One of the things I watch for at this age, of course, is the onset of old-man habits. I've noticed one coming on -- slow, dogged preparation. Today rather than hopping into the passenger seat of the car, and hauling my pack onto my lap, I opened the back door and set the pack on the back seat. My patience -- which you might also define as my determination to do things the easy way, regardless of how long it takes -- has been steadily increasing. If it takes that long, well, it just takes that long. I'm not to be hurried or flustered.
Which seems all to the good: it's a combination of a longer view (if my back's a little iffy I'd better coddle it; I have several massages scheduled this week) and of not giving a damn how I appear. "Dashing" is no longer in my repertoire, no matter how I sling my pack around. I'll settle for "comfortable." And if people have to wait five extra seconds for me, well, it won't kill them.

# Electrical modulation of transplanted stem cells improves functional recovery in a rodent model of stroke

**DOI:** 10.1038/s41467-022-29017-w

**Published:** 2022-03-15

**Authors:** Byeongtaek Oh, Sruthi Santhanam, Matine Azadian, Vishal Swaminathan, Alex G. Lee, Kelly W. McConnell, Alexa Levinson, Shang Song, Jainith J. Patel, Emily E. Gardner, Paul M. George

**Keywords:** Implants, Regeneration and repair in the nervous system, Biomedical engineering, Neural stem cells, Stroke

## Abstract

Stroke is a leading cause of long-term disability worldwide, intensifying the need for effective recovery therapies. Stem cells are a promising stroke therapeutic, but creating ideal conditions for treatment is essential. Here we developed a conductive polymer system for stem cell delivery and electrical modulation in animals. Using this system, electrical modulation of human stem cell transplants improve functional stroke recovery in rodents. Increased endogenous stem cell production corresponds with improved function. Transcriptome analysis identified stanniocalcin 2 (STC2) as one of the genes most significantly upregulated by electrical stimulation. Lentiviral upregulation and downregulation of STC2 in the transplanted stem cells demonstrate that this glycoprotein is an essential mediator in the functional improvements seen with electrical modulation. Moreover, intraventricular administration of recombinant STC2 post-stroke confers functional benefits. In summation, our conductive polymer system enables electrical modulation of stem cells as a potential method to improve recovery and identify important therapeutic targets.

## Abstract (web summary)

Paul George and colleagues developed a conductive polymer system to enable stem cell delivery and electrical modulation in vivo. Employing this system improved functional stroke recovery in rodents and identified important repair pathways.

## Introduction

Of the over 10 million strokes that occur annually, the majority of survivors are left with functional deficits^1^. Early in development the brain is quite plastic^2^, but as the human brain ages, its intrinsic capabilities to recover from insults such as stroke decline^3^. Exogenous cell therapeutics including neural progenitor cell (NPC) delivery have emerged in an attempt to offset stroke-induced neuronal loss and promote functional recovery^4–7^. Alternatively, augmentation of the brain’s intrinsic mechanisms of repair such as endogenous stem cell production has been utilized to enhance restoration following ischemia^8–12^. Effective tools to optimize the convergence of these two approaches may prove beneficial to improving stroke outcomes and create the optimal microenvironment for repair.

Now, those who know me might observe that I've always had a dogged and deliberate streak, and further that they've never known me to be all that sensitive to the opinions of others. But they wouldn't be quite right about that. Even those of of us who are, as a middle school teacher delicately said of my daughter, "internally motivated,"* have a list of proprietary characteristics we pride ourselves on, and one of mine was swooping in and out of vehicles. It does injure my pride a bit to be observed deliberately loading the car when all I'm doing is going to breakfast. But pride, as I think now, is there to be humbled.
*"Your daughter is internally motivated," observed the teacher. "God yes," I agreed. "She's as internally motivated as a mule."